Google has again attempted to clarify its terms of service on its blog. Mike Yang, at Official Google Blog: Making terms of service clearer writes:
To be clear: our terms do not claim ownership of your content — what you create is yours and remains yours. But in lawyer-speak, we need to ask for a “license” (which basically means your permission) to display this content to the wider world when that’s what you intend.
I don’t believe Google has ever attempted to “claim ownership” of content; my comments have always been about the specific terms of the license. Yang goes on to discuss other license agreements; he includes links to the terms of service for Amazon, Ebay, and Facebook.
Amazon and eBay both claim broad rights to content posted on their services; they do not limit these rights in any substantive manner. With respect to products, this makes sense on a certain level–Amazon and eBay have a vested interest in attempting to sell their users’ products as much as possible. I question why these rights need to be perpetual and irrevocable, but it’s fairly clear to me that if the companies do well, the sellers on Amazon and eBay receive indirect compensation via higher sales. In Amazon’s case, I do not believe it is appropriate that Amazon retains all of the rights to reviews and comments posted by their users; however, I don’t post comments or reviews on Amazon.
Facebook, who has been reviled for their terms of service (see here and here), has a very consumer-friendly clause in their license agreement with respect to user content. While they do initially claim a perpetual, irrevocable license, the terms of service go on to state:
If you choose to remove your User Content, the license granted above will automatically expire, however you acknowledge that the Company may retain archived copies of your User Content. Facebook does not assert any ownership over your User Content; rather, as between us and you, subject to the rights granted to us in these Terms, you retain full ownership of all of your User Content and any intellectual property rights or other proprietary rights associated with your User Content.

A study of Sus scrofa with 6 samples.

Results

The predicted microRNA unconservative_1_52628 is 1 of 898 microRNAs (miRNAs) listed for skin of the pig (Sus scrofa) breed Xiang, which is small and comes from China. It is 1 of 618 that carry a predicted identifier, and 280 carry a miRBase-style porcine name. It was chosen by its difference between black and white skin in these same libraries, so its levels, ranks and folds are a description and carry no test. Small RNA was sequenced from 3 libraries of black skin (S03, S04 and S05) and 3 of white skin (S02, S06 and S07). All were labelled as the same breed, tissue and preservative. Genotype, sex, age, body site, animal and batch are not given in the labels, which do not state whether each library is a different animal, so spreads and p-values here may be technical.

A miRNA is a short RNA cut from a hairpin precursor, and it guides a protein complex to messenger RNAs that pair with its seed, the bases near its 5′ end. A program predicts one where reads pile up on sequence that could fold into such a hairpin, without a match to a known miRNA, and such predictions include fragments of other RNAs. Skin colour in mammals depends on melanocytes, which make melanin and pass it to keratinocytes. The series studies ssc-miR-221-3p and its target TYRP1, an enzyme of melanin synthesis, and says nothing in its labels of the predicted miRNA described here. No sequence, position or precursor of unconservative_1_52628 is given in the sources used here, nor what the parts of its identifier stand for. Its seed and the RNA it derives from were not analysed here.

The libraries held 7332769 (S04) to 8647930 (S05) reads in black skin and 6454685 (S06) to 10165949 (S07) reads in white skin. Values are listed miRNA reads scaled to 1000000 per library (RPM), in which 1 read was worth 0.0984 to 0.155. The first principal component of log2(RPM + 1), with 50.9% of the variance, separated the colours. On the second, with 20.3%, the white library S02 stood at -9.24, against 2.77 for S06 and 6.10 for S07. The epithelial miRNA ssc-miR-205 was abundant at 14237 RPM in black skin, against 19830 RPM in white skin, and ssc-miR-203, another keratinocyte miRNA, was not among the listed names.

Worded another way, Facebook won’t use your content at all if you “remove” it, but they don’t want to be responsible from deleting your content in the form of “archived copies” from their servers.
The solution for Google remains the same: remove the “promote” term, and modify their “irrevocable” and “perpetual” license to allow people to terminate the license unless the user is explicitly warned at the time of submitting their content. If anything, I would like to see Google’s base terms of service provide for a lesser set of rights; additional terms of service for other products could be used to increase these rights rather than limit these rights.
I am disappointed that Yang chose to contrast Google’s terms of service with those of eBay and Amazon: the companies are distinctly different than Google. Google’s comparison with Facebook is a bit more apt, but as I just pointed out, the Facebook license can be terminated by the creator of the content.
I’ve made quite a few posts on this topic, but it’s an important issue to me. First, I feel that people should be aware of what happens to the works they create when they upload them to the Internet. Penalties for copyright infringement for unregistered works in the United State are fairly weak as it is, and once you grant a company or person an perpetual and irrevocable license you have absolutely no way to ask people to stop using your material. Second, I like Google as a company and I enjoy using their services. I would like them to succeed, and I believe that these kinds of problems can hinder Google in the long run. As distinct from some other companies, I believe Google tries to operate in a clear and open manner, and I would like them to continue to do so.